Med school needs to help students lay off Ritalin

Prescription-drug dependencies can have severe consequences later in life

Are the demands of medical school wearing some Quebec students out? Apparently so, and they’re using Ritalin to help them get through, according to a CBC story earlier this week.

The story quotes a few anonymous students from the University of Sherbrooke who say they take the drug without a prescription because exams are too tiring for them to concentrate on studying further. The practice is common, they say.

But school officials don’t seem to be all that concerned about the practice amongst their students.

“It’s not that dangerous to take Ritalin, and it’s not my concern. My concern would be if it proves that there is a real problem with Ritalin, which we’re not sure yet, because we don’t know how many [are taking it], if some are taking [it], the real concern is how to learn to deal with stress in a healthy way,” Pierre Cossette, Sherbrooke’s dean of medicine, told the CBC.

Okay, fair, dealing with stress in a healthy way is advisable, but what about the fact that a culture of drug dependency is developing at the University of Sherbrooke among people who don’t need to be taking Ritalin? The stress of being a doctor is not going to stop once the MD is in hand, so what’s the plan for educating responsible doctors?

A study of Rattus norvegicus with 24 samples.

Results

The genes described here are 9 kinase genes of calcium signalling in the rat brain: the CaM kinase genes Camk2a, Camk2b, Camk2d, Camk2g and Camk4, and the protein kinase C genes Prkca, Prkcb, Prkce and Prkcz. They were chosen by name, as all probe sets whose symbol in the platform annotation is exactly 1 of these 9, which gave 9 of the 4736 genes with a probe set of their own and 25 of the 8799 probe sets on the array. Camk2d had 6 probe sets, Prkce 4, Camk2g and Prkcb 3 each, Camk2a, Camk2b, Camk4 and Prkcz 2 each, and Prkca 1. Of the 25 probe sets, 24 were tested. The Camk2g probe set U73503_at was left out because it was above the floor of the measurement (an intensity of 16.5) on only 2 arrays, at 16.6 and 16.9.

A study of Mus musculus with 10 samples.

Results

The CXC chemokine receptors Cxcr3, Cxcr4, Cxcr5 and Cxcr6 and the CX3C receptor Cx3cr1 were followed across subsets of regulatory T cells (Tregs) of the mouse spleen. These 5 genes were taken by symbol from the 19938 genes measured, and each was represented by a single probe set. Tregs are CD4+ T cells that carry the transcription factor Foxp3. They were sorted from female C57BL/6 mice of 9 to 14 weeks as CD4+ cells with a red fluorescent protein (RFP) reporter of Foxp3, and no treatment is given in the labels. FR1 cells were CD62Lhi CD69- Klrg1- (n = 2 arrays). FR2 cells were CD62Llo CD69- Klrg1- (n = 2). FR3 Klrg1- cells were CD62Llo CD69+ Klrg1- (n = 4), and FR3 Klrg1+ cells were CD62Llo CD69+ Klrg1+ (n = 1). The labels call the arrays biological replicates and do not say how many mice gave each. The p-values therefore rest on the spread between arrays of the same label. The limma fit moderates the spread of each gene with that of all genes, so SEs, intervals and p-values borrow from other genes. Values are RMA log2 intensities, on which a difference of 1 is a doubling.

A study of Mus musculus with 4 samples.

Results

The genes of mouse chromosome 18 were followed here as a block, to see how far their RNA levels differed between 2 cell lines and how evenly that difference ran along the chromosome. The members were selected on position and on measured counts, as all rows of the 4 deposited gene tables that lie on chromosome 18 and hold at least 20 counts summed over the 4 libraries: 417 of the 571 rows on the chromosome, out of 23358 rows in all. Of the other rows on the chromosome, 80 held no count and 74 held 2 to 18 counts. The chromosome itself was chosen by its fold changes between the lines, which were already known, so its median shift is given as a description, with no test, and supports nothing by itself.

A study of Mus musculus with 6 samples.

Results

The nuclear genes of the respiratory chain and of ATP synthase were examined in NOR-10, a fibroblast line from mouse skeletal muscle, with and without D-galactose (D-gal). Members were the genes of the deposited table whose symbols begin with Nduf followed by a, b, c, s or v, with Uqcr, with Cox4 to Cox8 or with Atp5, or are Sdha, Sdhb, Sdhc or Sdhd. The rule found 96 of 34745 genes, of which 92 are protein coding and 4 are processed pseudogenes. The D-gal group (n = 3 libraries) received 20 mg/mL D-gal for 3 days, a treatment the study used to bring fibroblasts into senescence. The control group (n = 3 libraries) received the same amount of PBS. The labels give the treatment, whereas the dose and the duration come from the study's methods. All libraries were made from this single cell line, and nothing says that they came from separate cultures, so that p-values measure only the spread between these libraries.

Ritalin has documented effects that give people the ability to study longer, focus harder and more efficiently manipulate information in their minds. But this is a prescription drug. This is not like drinking a cup of coffee to help you stay up or popping an Advil to take away a headache. This is a regulated drug that also has documented long-term effects.

The U.S. Food and Drug Administration, as well as their respective Canadian regulatory bodies, have issued strong cautions in the past 10 years that long-term use of ADHD drugs can cause dopamine imbalances—resulting in depression issuesheart problems and even cancer.

If students become dependent on drugs like Ritalin for their grades or, later in life, job performance, there are serious risks that await them in the long term. Students that are willing to venture down this path are taking a short cut that will prevent them from learning to perform without the help of dangerous drugs. That is inadvisable.

Perhaps the university should be looking at proactively adding healthy stress management lessons to their curriculum so they’re not sending new doctors out into the world who don’t know how to handle life when things get rough.

Related content: To drug or not to drug and Brain candy: can ritalin turn you into an A student?